We all want to leave something behind for our loved ones. It’s what we get up in the morning and work hard for. But a financial gift unfortunately has a tax implication to it. Research shows that only 45% of people making financial gifts are aware of Inheritance Tax.


It is always recommended to write a will, you can get a professional to do this for you for as little as £150. Make sure your money goes to who you want it to.    


We are hearing a lot of cases where there is no will. It can cause issues in a couple of situations example if your partner needs to go into a nursing home. What happens to children under the age of 18. Your wife, husband or civil partner having difficulty accessing family funds.


The treasury benefits from £5.8 billion income in inheritance tax each year. There are also 10,000 unclaimed estates where a no next of kin has been found worth more than £150,000, plus thousands more amounting to several million pounds. After 30 years that money is gone if a direct descendant cannot be found, it goes straight to the treasury and not to your family.    


Live in partners are not next of kin, even if they have been living with you for 20 years or more. Under inheritance tax law they have no rights to anything if a will has not been created.


So, what is Inheritance Tax?

Inheritance Tax is a tax on an estate of someone who’s died. An estate is the likes of property, money and possessions. There is a tax-free threshold of £325,000. You normally don’t have to pay inheritance tax if the value of your estate falls below the £325,000 threshold.


If you pass all your assets to your wife/husband, civil partner there is no inheritance tax to pay, its only when you give assets away to other people that inheritance tax is payable. Its 40% tax over and above the nil rate band.


There is an elected transfer to your spouse, civil partner or charity where both your nil rate band and your partners can be added together to make a maximum tax-free amount of £650,000. The transfer is claimed on the occasion of the 2nd partner dying. It’s not automatic there is a form to complete for this. Don’t assume its Automatic.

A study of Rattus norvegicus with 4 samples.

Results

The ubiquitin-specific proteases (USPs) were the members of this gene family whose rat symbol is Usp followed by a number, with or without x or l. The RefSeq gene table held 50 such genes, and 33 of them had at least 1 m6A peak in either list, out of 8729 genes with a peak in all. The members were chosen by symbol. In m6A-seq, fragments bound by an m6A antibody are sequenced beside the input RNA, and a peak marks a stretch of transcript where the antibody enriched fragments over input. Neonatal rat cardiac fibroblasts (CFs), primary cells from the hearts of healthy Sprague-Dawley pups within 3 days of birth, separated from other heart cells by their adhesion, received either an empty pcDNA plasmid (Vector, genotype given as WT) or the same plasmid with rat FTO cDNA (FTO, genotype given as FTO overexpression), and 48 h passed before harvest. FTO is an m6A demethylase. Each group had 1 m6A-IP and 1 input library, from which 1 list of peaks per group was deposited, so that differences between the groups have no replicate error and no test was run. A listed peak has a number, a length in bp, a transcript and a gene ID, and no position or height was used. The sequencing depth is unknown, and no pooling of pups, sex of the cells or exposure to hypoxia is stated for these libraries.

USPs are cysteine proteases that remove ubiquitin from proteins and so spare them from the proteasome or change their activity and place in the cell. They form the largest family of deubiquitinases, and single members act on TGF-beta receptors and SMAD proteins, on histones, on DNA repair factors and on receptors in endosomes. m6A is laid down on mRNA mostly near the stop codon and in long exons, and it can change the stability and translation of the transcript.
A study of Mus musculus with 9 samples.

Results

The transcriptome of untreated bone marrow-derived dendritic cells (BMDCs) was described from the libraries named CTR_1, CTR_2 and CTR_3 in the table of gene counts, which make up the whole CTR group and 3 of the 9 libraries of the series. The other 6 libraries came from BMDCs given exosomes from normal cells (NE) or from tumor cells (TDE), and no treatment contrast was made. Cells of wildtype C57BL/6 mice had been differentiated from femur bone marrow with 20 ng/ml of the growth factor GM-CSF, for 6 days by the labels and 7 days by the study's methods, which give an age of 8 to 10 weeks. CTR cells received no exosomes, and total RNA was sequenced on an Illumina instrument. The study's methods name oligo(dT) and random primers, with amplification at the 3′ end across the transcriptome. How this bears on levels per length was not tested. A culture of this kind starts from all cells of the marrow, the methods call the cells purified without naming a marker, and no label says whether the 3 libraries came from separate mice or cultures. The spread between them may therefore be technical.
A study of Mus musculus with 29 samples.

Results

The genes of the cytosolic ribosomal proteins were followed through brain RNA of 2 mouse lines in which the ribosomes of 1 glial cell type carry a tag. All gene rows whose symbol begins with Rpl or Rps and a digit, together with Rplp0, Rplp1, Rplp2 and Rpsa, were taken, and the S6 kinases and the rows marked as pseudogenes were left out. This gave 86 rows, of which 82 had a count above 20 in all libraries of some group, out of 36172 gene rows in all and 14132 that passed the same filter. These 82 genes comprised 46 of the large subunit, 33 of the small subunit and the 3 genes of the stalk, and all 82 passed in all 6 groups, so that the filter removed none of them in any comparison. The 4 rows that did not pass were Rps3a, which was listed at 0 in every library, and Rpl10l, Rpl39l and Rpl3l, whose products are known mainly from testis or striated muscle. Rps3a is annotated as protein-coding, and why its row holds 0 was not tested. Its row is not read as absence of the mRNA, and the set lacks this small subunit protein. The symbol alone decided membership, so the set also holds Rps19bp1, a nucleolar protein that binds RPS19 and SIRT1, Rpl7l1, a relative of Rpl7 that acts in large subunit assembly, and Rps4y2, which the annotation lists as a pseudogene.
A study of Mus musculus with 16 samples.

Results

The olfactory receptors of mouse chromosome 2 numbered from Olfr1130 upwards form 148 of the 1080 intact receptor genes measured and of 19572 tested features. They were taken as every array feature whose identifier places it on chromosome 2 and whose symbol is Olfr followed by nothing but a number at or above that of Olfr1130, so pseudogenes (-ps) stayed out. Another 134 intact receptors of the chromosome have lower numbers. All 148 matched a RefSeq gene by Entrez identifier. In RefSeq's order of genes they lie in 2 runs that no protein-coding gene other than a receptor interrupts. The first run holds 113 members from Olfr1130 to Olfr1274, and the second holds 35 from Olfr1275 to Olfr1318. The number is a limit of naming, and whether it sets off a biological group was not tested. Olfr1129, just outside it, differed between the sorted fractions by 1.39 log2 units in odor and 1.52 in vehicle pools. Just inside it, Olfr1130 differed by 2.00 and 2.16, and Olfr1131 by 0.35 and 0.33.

Your threshold can also increase if your estate is worth more than £325,000 and you give your home away to your children (this includes adopted, foster or stepchildren) or grandchildren. There is up to an extra £150,000 available to be added to your threshold. If the estate is below £325,000, you will still have to report this to HMRC. Probate forms usually must be completed within a certain timeframe of someone dying.    



Say your estate is worth £550,000, your tax-free threshold is £325,000. You will get an increase of up to £150,000 if your home is given to direct descendants. The inheritance tax charged will be 40% of £75,000.


Who pays the tax bill?

Funds from your estate are used to pay the Inheritance Tax to HMRC.  If there is a will this is done by the person dealing with the estate known as the executor. The beneficiaries are the people who inherit your estate do not normally pay the tax on the things they inherit.


7 Year Rule

There is normally no inheritance tax to pay if you gift your home and live for another 7 years, although capital gains tax might come into play.  If you die within 7 years of giving all or part of your property, your home will be treated as a gift and the 7-year rule applies. There are many tax reliefs that can be gained between the 0 years and 7-year rule. Always use an accountant if your estate has multiple sources of income. Don’t miss out on the hidden tax reliefs.



You do not have to pay any tax on gifts between spouses, you can give them as much as you like during your lifetime.   


Anyone is entitled to give gifts of up to £3,000 per annum without any inheritance tax being involved. You can carry over an unused annual exemption to the next financial year, this can only be the next financial year that immediately follows. It’s important to record this in a diary as proof to avoid it being used to reduce your nil rate band.


You can also give away the following, in each tax year:

·         Wedding gifts of up to £1,000 to any person (£2,500 to a grandchild, and £5,000 to a child)

·         Normal gifts out of your income, such as Christmas or birthday presents

·         Payments to help another person’s living cost such as an elderly relative

·         Gifts to charities and political parties

You can also give as many gifts of up to £250 per person as you want during the tax year if you have not used another exemption on the same person.


Inheritance tax is a complicated tax system that encounters many of the other tax systems within it, always seek professional advice if this is not a straightforward estate.